The Bacon Brothers
The Bacon Brothers Long before Kevin Bacon launched his prolific stage and screen career, and before Michael Bacon became known as a go-to composer for film and television, they were just two brothers, born nine years apart, coming of age in Center City Philadelphia. By the late 1960s, Michael, already a professional musician, would gig with his band at the city's famed Electric Factory with a young Kevin tagging along when he could. It's a time preserved in the cover art for The Bacon Brothers' latest, New Year's Day, with a preteen Kevin singing alongside a mandolin-strumming Michael. The record, laden with the brothers' trademark gritty rock and a touch of Philly soul, hearkens back to those roots in the City of Brotherly Love, when life was less complicated and music filled the air.

"My earliest memory of music was what my brother was playing or the music he brought home," Kevin Bacon recalls. "I would sit on the steps of our basement while he was downstairs practicing with our sister, Hilda, and their band. So my heroes growing up were all rock 'n' rollers. I wasn't really into sports, or even movies. If I could save money I'd buy an album."

With 2011 marking 16 years of the Bacon Brothers band's existence, any cynical preconceptions about well-known actors "dabbling" in music now can safely be discarded. The band has gigged relentlessly to build up a following, and New Year's Day, released in the US and Europe, represents their sixth LP. Along the way, the younger brother has apparently caught up with his elder sibling in some ways.

"Kevin writes a lot more songs than I do," Michael says. "While I spend a lot of time writing instrumental music, lyrical songs are tougher: if I write one or two a year that I like, then I'm happy. But Kevin has this amazing gift of turning everyday experiences into universal thoughts that everybody can identify with."

The album kicks off with "New Year's Day," a song that, while it draws upon Kevin's experiences, isn't necessarily about him. "'New Years Day' is from the perspective of a kid, 18 or 19, who's left Philadelphia for Los Angeles to pursue his dream of stardom, but is pining to get back to Philly for the Mummers Parade," says Kevin, who has attended Philadelphia's elaborate New Year's celebration many times. "L. A. is the land of the endless summer, and everything is so beautiful. But there's something still inherent in me that's left over from Philadelphia, which is cold and provincial, but in a great way."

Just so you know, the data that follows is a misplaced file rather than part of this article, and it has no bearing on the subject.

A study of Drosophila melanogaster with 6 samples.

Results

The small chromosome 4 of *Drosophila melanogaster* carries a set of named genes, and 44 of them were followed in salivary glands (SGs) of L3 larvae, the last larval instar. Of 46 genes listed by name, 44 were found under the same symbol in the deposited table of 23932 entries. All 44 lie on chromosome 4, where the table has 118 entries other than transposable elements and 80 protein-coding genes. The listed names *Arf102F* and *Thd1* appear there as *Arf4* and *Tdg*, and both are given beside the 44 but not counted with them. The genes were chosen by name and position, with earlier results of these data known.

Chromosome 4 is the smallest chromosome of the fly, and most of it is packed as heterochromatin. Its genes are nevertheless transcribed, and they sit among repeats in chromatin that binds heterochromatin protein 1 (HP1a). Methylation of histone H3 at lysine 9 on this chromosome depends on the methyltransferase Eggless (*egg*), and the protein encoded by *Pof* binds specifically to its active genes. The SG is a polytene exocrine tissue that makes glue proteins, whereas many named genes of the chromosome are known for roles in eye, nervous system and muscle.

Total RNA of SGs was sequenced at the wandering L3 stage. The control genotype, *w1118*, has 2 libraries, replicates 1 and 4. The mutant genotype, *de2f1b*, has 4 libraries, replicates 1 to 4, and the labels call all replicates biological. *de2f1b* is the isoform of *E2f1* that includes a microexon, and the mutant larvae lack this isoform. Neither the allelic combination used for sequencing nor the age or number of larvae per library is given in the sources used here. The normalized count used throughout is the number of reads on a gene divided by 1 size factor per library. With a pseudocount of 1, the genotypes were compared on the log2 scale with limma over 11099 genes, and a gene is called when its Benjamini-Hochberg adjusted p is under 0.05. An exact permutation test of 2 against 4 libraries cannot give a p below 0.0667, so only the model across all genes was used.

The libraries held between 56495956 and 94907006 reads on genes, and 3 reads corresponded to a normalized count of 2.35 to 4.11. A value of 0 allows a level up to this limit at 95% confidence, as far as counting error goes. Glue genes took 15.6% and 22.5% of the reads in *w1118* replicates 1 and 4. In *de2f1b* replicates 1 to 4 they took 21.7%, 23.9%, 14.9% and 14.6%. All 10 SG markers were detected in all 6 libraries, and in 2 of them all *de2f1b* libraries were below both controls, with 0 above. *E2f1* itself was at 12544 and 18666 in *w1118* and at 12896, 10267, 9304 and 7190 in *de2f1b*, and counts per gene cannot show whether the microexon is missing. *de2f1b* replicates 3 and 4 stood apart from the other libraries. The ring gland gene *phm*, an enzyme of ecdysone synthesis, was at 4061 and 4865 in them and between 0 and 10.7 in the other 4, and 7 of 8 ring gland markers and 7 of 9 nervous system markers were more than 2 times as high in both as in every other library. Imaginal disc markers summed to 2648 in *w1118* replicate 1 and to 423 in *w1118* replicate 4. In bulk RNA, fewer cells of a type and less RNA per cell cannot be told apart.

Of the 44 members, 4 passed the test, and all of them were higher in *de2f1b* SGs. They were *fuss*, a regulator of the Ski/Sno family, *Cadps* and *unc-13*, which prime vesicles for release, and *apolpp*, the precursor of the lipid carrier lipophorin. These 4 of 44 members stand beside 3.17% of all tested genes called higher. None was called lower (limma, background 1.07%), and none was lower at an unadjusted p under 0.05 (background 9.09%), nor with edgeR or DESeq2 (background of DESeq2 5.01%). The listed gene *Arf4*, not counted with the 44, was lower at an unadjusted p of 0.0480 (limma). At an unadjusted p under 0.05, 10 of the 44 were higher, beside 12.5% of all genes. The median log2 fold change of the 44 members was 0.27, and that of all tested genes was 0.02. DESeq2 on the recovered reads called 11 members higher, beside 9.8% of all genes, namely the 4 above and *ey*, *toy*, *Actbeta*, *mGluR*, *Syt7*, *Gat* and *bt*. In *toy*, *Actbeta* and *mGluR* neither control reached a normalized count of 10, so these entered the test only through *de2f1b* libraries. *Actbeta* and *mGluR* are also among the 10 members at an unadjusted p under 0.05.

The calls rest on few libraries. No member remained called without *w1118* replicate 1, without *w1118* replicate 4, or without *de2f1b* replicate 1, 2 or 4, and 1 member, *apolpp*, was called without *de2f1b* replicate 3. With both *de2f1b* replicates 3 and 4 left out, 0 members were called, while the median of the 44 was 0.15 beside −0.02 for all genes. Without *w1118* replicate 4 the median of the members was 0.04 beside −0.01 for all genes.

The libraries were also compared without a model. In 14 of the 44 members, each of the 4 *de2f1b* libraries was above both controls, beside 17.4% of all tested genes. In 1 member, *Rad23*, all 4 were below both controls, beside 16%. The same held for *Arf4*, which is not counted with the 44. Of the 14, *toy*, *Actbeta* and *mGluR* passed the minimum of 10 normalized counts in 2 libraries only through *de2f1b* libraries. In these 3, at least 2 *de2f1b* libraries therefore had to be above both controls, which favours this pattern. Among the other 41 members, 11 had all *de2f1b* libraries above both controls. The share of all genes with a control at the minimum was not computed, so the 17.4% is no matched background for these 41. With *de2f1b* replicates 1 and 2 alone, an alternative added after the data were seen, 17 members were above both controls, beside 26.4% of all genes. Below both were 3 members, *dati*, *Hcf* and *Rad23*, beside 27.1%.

"There have been a lot of times in my life that I've thought about our hometown and going back there and not going after these outrageous kinds of goals," Michael adds. "Maybe it's not personal to Kevin, but I still relate very heavily to that song."

The infectious second track, "Go My Way" with its laid-back, shuffling soulful groove, is also written from a character's perspective. "It's a guy who's younger than me, single and living alone in New York, not doing very well and struggling with his life," Kevin observes. "Then this one woman keeps popping up in his life and elevates his sorry existence for a time."

Having played with the same crew of musicians for all of the band's existence, Michael and Kevin agree that the band has become just as much a part of the whole endeavor as the two frontmen. "With New Year's Day, the guys in the band produced a couple of tracks each," Michael points out. "We gave the band much more creative responsibility for the product we ended up with. I think that's why it sounds more like a band album."

While still encountering critics due to Kevin's onscreen notoriety, the band continues to win believers—show by show, album by album. As The New Yorker recently observed: "Hollywood hangs like an albatross around the neck of any movie star turned musician, but this duo shakes off the burden of fame with sharply executed rock that has a blue-collar, rootsy edge."

"I like risks," notes Kevin, a classic understatement from an artist who's played challenging, unsympathetic roles in everything from The Woodsman to Sleepers to Oliver Stone's JFK. "And there's nothing more risky about being a well known actor and playing in a rock band."

But there's the interesting thing about risks—sometimes they pay off. And for The Bacon Brothers, they certainly have.